Take a look at the next generation Xbox - the Xbox One - to go on sale later this year as an all in one entertainment console.
Microsoft has listened to the outcries of the gaming community and is rolling back a much-criticized requirement that its upcoming Xbox One gaming console be regularly connected to the Internet.
It has made clear that there will be no limitations on sharing games.
Don Mattrick, president of Microsoft's Interactive Entertainment business, said in a blog post Wednesday that an Internet connection will no longer be required to play games on the Xbox One after its initial setup, and users can share and play games like they have on the Xbox 360.
Also, there will be no regional restrictions, meaning people can buy an Xbox One in one country and play it in another and trade games from country to country.
Mattrick said the changes are in response to feedback Microsoft received since unveiling plans for the console in May.
"You told us how much you loved the flexibility you have today with games delivered on disc. The ability to lend, share, and resell these games at your discretion is of incredible importance to you," he wrote. "Also important to you is the freedom to play offline, for any length of time, anywhere in the world."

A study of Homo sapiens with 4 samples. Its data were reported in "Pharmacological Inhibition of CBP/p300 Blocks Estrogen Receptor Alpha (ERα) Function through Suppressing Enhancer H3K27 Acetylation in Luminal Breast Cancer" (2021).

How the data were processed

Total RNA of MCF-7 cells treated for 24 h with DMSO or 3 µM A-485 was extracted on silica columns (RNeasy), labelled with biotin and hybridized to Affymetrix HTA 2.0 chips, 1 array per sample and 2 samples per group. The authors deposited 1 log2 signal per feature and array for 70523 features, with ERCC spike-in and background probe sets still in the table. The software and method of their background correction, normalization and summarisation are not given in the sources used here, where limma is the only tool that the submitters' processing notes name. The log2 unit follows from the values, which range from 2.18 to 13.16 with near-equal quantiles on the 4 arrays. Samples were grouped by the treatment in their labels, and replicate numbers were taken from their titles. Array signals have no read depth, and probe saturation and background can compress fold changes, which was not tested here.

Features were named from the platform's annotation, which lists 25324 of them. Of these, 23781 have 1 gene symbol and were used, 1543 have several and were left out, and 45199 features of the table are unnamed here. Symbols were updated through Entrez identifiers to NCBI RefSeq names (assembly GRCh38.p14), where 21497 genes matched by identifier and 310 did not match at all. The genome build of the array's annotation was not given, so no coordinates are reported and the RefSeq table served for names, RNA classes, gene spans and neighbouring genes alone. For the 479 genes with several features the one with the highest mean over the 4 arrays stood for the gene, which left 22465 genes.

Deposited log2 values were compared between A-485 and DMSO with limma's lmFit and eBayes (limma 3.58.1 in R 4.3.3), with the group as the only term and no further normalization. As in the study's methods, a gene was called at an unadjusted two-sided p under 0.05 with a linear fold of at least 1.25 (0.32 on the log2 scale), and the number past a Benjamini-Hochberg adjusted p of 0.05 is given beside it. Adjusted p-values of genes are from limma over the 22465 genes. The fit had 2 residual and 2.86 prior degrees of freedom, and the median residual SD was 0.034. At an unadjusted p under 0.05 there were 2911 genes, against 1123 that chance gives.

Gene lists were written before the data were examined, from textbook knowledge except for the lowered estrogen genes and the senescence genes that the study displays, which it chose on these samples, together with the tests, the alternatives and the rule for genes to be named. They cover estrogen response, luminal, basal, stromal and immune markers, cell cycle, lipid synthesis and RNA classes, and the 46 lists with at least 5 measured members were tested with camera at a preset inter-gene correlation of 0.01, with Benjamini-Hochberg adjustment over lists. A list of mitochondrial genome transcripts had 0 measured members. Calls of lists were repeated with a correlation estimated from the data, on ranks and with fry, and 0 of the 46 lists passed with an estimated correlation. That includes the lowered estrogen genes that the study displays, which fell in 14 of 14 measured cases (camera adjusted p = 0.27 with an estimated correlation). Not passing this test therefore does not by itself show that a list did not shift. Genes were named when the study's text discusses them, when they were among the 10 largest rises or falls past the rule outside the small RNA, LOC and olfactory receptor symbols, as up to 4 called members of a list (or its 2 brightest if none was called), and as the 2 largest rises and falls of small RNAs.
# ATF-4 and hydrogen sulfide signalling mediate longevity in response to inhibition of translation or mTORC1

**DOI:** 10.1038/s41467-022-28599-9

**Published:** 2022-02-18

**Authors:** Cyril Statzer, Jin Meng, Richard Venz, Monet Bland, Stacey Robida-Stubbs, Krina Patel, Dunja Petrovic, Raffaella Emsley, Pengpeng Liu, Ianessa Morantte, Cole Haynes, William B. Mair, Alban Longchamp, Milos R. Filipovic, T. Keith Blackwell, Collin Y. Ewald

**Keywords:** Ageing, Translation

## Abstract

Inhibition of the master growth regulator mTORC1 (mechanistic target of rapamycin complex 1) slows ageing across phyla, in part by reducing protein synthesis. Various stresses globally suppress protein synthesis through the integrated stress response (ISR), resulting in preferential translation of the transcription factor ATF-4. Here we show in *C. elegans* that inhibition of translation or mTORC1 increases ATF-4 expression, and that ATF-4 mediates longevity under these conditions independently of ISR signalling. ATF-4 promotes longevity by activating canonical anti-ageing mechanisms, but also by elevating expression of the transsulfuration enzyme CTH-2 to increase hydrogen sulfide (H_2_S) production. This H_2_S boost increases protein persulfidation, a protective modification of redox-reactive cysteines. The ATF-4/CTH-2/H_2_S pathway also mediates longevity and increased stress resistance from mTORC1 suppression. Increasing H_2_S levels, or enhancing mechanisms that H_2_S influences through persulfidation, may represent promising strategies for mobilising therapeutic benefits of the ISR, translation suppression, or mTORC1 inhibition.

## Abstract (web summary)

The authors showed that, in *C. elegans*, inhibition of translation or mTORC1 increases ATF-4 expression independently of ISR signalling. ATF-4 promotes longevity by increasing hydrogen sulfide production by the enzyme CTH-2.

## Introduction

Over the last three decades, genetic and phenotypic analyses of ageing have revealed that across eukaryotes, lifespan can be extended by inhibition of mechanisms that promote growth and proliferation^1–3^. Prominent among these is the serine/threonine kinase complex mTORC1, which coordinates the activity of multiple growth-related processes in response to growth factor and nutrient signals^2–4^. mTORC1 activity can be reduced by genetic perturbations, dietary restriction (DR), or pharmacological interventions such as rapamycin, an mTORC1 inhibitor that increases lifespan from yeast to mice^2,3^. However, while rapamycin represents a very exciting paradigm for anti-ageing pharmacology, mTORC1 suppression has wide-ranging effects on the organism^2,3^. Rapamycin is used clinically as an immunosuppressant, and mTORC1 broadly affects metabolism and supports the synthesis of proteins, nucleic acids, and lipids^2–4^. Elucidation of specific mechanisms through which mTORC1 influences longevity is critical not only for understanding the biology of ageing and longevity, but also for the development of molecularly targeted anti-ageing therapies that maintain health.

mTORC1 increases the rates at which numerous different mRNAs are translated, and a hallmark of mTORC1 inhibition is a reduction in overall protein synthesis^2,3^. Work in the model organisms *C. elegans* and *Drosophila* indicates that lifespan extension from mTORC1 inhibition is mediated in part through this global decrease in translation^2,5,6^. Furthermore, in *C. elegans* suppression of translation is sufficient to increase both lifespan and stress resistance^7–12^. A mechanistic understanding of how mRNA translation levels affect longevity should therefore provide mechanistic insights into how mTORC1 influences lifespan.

Gamers can also download games from Xbox Live on the day of release.
In a shot aimed at Microsoft, rival Sony Corp. announced during last week's Electronic Entertainment Expo in Los Angeles that its upcoming PlayStation 4 will not require a regular Internet connection to work and that the company won't try to restrict used game sales.
Both consoles will go on sale later this year, the Xbox One at $499 and the PS4 at $399.
Based on reporting by The Associated Press.